I’m back to work with a ‘jolt’ of renewed energy! Good thing, as our first contractor has an electrical problem. For some contractors work has been scarce and many are looking at options for expanding their base. Some are exploring new specialty classes, starting new businesses, allying with other contractors and finding other means to make a dollar. Another contractor has offered an idea that makes good sense…
Q: My question is as follows: being a licensed electrical contractor in the State of CA I know electrical work must be done by licensed/certified electricians. Does a General contractor fall into that parameter if they self-perform the above- mentioned work? Shouldn’t the licensing and registration be the same for the “C-10” and “B”? Is there any movement towards the state enforcing licensing certification? It seems that “anyone” who can say “electrical” can do the work then.
A: Only “C-10” contractors fall under the Division of Apprenticeship Standards (DAS) “licensed/certification” regulation. It does not pertain to the “B” even if they self-perform the work. The law clearly specifies that the certification process pertain only to “C-10” contractors. The Board is enforcing this portion of the law — i.e. going after electrical contractors whose employees are not certified — but cannot do anything about other trades that perform electrical work (assuming they are properly licensed). For instance, a “C-20” can do electrical work related to a HVAC system but cannot do other types of electrical projects simply to avoid the certification process.
Q: Is there a requirement that the Responsible Managing Officer (RMO) for a corporation be an employee of that corporation? Or, can a RMO be employed by, for example, a subsidiary of the corporation, but nevertheless serve as the qualifying individual for that company?
A: The CSLB would say that the qualifying individual — RME or RMO – should be employed by the entity for which he or she is the Qualifier. This is not to say that the individual cannot also be employed by a subsidiary but in order to comply with the various CSLB rules and regulations, this individual should be on the corporation’s payroll.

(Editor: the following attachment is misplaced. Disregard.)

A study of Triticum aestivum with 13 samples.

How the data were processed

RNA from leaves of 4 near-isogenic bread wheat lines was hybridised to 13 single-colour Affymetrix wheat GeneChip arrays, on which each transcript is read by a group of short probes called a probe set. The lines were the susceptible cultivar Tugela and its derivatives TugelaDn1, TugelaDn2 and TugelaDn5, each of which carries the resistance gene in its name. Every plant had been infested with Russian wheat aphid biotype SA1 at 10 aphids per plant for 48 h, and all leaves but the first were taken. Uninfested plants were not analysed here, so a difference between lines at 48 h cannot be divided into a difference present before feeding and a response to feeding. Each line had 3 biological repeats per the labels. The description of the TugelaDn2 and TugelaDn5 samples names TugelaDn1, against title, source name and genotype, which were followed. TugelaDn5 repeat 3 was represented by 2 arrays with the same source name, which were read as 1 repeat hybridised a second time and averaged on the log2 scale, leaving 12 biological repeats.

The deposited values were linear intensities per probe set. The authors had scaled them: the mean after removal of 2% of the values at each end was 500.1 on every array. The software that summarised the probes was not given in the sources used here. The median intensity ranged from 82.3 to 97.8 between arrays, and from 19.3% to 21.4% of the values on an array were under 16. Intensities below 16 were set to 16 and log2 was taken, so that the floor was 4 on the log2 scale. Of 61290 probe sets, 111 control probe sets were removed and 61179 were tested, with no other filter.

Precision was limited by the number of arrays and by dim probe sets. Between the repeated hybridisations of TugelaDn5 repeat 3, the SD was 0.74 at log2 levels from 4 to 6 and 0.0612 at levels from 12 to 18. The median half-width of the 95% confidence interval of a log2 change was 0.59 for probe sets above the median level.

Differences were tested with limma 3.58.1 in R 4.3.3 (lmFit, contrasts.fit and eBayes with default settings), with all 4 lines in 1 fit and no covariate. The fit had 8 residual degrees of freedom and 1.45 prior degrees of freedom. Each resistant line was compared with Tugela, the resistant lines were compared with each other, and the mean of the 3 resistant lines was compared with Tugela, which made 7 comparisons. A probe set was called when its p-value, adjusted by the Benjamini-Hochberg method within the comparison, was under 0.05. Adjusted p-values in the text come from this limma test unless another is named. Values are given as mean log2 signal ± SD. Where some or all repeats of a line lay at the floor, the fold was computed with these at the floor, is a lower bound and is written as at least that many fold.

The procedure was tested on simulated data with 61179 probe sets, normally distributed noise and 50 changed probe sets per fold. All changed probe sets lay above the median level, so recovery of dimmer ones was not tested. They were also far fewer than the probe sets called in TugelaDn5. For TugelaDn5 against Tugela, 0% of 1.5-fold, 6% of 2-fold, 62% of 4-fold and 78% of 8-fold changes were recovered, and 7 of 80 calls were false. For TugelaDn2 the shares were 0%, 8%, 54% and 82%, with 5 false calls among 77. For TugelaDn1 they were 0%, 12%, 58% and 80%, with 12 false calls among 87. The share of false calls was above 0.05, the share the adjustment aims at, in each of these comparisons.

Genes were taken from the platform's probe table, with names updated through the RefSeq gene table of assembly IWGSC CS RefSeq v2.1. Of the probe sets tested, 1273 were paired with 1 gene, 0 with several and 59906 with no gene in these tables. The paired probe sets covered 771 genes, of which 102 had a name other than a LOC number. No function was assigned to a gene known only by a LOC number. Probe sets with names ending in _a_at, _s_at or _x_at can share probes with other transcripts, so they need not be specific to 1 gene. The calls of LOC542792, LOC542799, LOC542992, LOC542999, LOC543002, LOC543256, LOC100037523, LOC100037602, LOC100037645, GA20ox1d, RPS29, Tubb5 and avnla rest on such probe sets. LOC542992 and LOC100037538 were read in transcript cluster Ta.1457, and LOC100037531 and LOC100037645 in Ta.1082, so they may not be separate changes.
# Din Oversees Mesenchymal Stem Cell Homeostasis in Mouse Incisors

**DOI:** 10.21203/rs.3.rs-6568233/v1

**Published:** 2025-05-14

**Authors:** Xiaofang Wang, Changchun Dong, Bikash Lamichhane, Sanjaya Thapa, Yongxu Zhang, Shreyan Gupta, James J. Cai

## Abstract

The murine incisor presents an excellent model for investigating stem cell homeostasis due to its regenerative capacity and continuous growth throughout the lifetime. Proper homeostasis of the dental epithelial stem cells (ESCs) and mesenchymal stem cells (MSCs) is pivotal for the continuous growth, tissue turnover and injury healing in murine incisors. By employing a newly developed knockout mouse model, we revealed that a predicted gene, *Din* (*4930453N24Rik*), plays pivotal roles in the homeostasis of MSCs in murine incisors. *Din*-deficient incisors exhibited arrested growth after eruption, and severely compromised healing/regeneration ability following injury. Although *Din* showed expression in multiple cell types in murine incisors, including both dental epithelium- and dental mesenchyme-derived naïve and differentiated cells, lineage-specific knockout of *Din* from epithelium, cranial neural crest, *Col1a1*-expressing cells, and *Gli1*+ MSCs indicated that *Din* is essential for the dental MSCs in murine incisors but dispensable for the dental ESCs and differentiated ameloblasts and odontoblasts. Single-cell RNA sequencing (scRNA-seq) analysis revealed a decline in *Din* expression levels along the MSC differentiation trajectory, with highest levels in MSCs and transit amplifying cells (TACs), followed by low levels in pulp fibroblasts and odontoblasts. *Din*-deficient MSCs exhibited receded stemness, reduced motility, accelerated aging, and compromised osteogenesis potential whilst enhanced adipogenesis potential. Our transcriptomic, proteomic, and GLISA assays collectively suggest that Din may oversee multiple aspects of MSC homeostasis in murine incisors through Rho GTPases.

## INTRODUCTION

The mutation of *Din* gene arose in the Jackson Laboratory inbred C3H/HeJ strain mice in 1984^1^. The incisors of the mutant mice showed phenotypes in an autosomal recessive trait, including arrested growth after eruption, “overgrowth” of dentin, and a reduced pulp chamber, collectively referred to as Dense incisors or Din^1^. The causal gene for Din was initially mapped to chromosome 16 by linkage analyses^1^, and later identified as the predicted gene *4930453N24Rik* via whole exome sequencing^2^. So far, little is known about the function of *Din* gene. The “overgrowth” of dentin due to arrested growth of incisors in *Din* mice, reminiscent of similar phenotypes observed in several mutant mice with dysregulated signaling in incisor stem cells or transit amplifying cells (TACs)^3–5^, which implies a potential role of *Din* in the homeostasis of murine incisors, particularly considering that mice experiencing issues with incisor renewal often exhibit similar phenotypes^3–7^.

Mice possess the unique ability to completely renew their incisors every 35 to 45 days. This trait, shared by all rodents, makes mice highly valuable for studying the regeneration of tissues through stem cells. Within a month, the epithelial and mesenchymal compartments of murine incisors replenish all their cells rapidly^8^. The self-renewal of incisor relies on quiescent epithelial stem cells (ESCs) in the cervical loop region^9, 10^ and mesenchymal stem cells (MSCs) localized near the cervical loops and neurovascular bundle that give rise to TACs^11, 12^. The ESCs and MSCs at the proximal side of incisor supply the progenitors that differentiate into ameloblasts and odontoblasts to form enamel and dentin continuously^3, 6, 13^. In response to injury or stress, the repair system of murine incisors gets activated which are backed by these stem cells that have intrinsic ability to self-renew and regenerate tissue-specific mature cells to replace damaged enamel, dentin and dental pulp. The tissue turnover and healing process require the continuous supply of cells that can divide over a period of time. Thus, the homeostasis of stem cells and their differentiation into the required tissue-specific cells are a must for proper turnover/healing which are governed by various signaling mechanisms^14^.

Q: I heard a suggestion for getting contractors back to work that sounded great. I know you concentrate on licensing questions but I was curious about your opinion. The idea was to take the many thousands of foreclosed homes in the State and hire contractors to fix them up then rent them out and use the rental income to pay for the construction work that was already done. What do you think?
A: While I do write a Q&A column each week primarily on contractor licensing, I also occasionally write about legislation, legal decisions, training, enforcement, etc. as it relates to the construction industry.
Personally, I like the idea. This type of a program would certainly be costly at first, but sounds like it could conceivably pay for itself over time and would certainly put a lot of contractors to work. Of course the ‘devil is in the details’ and how to turn over tens of thousands of homes might be problematic.
An Internet search turned up several articles from 2009 that dealt with this topic although the homes in question were put up for sale rather than rented. Contractors repairing foreclosed properties that the banks and other lenders want to include in foreclosure listings or sell through auctions are certainly one potential market that contractors can tap. Depending on what if anything happens in Washington in the upcoming months, we hopefully will see programs that generate construction jobs. These might be related to renovating public schools or fixing our State’s infrastructure or even repairing foreclosed homes. We can hope good sense prevails.